But the detailed results also concluded that the drug, lecanemab, was associated with “adverse events” and warranted more study.
Marwan Sabbagh, a neurologist at the Barrow Neurological Institute and a co-author of the study, described two patient deaths that had raised concern about the safety of the drug ahead of Tuesday’s presentation. “Causality with lecanemab is a little difficult,” he said, noting that both patients, a 65-year-old woman and an 87-year-old man, had underlying health issues. Though the rate of brain bleeding was low, he said, the risk increases with medications to prevent blood clotting.
“That might be a relative risk that needs to be managed,” he said at the Clinical Trials in Alzheimer’s Disease conference late Tuesday.
Eisai confirmed the two deaths Tuesday night and denied they were related to the drug.
The new details have been the subject of intense anticipation by doctors and Wall Street since Eisai and Biogen announced in September that lecanemab had slowed cognitive decline by 27 percent compared with a placebo.
Lecanemab has emerged as the front-runner among a class of drugs that seeks to remove clumps of a protein in the brain called amyloid beta, which researchers have long suspected plays a role in Alzheimer’s. The Food and Drug Administration is set to make a decision on accelerated approval of the drug as early as January. That could translate into a multibillion-dollar prize for treating a progressively debilitating disease that affects 6 million Americans and has few approved therapies.
“It’s the best data we’ve seen in Alzheimer’s in a pivotal trial,” Myles Minter, a biotechnology analyst at William Blair, said of the initial results announced in September.
Lecanemab’s positive results followed a controversy over a different drug developed by Eisai and Biogen, aducanumab. That drug, known by the brand name Aduhelm, was approved by the FDA last year despite conflicting data on its effectiveness. Aduhelm fizzled commercially after Medicare declined to broadly reimburse for it.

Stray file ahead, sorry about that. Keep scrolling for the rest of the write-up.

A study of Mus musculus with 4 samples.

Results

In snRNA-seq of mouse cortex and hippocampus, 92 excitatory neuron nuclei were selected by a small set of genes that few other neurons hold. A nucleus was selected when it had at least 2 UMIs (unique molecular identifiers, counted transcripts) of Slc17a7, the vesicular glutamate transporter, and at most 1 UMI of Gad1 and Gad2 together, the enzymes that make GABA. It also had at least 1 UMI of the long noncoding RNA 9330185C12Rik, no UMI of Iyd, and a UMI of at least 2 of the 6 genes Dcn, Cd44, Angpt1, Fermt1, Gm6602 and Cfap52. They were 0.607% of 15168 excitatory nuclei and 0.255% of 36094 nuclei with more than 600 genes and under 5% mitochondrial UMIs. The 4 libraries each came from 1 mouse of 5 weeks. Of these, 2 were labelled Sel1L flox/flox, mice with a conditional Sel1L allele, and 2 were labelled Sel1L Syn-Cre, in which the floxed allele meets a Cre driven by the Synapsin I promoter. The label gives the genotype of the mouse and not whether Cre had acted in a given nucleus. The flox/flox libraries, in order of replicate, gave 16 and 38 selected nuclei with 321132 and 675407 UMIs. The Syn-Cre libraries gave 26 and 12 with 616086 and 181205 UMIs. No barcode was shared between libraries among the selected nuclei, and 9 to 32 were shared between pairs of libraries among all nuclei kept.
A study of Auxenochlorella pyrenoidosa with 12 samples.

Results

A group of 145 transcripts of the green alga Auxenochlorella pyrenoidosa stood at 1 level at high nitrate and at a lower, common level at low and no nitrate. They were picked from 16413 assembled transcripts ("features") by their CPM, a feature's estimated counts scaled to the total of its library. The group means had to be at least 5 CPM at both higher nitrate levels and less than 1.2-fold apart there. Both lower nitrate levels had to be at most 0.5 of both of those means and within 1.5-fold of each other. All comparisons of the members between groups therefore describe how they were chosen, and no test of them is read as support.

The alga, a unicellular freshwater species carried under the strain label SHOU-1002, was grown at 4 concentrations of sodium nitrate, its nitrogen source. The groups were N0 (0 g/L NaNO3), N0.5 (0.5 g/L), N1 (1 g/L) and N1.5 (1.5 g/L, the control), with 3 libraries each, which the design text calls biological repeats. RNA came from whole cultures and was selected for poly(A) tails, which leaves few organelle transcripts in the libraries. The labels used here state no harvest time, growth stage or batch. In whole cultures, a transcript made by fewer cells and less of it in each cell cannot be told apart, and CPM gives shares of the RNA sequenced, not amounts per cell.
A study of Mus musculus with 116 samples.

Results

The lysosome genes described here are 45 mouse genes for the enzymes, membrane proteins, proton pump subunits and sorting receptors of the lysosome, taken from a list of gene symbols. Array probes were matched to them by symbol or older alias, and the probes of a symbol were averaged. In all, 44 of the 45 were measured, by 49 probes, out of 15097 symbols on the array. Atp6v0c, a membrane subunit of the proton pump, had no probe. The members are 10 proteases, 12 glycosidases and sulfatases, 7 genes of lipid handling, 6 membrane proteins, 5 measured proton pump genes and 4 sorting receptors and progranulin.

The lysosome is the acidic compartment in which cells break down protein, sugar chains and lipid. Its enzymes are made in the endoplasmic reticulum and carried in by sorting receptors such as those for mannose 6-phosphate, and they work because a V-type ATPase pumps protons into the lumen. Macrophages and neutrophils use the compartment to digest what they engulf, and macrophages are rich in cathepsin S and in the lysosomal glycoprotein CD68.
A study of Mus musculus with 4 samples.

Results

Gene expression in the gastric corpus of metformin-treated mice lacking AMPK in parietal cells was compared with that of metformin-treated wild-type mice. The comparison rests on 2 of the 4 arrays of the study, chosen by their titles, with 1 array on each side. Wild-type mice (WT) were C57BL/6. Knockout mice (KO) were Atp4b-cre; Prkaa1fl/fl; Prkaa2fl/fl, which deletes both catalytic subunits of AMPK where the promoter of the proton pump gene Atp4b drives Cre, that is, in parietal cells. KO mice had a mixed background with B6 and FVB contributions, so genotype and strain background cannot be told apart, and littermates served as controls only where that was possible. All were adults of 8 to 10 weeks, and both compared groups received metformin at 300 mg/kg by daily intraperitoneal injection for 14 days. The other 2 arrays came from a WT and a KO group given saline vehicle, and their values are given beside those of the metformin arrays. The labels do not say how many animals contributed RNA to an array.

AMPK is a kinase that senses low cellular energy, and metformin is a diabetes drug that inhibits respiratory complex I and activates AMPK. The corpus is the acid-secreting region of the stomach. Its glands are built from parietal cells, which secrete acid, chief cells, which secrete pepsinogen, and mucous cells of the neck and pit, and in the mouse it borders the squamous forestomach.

“This is an unambiguously positive clinical trial,” said Gil Rabinovici, a neurologist at the University of California at San Francisco, while acknowledging that there is a “potentially serious safety concern that will require a discussion with patients.” Still, he added, “for the first time in over a century, we have modified the course of Alzheimer’s disease, and that is great news for the field and most importantly for patients.”
Lecanemab is designed to work by removing clumps of tiny proteins known as amyloids from the brain, and the study found that patients experienced a greater cumulative benefit the longer they were on the drug. Yet, despite the drug’s early success, some experts remain skeptical that targeting these amyloids is the key to treating Alzheimer’s. This month, Roche announced disappointing results from its anti-amyloid drug.
Matthew Schrag, a neurology professor at Vanderbilt University Medical School, said the lecanemab trial was well-designed and showed strong statistical results on a cognitive measure. But he doubted that the drug would cause a noticeable improvement for many sufferers, and noted that the medication can cause significant side effects.
“I worry any minor benefit may be washed out by the practical difficulties of living with the drug and the substantial risks associated with taking the drug,” he said in an interview.
Eisai and Biogen reported that patients in the trial experienced brain swelling and bleeding, which are known to be complications of anti-amyloid drugs, but the companies said the rates were within expectations. Concerns about the drug’s safety, however, were heightened by the two patient deaths.
On Sunday, Science magazine reported that a patient taking lecanemab died after suffering a stroke and receiving a medication to bust blood clots. That followed a report last month by Stat news that another patient in the trial had died while on a blood-thinner. Both deaths reportedly stemmed from a condition where amyloid binds to blood vessels in the brain and makes them more susceptible to rupture.
Research analysts at investment bank UBS questioned whether the deaths would lead to FDA restrictions for patients taking blood-thinners, which it estimated could make up as many as 20 percent of Alzheimer’s patients.
Libby Holman, a spokeswoman for Eisai, said the patients who died had underlying medical conditions and risks, including being on medications that prevent blood clots, that contributed to their deaths. “It is Eisai’s assessment that the deaths cannot be attributed to lecanemab,” she said, adding that the rates of brain hemorrhage deaths were 0.1 percent for patients in both the placebo and treatment groups.
Despite unknowns about lecanemab’s risk and benefits, it remains a draw for patients suffering from Alzheimer’s eager for any option to slow its degenerative effects and contribute to finding a cure.
Hugh Courtney, a 59-year-old economist diagnosed with early Alzheimer’s, said he feels lucky to have participated in the clinical trial even if he isn’t sure how much he’s benefited.
“It’s hard to tell how much has changed, quite frankly,” he said of the lecanemab infusions he gets about twice a month. Still, he said, “it’s given me a sense of purpose, a concrete way to help.”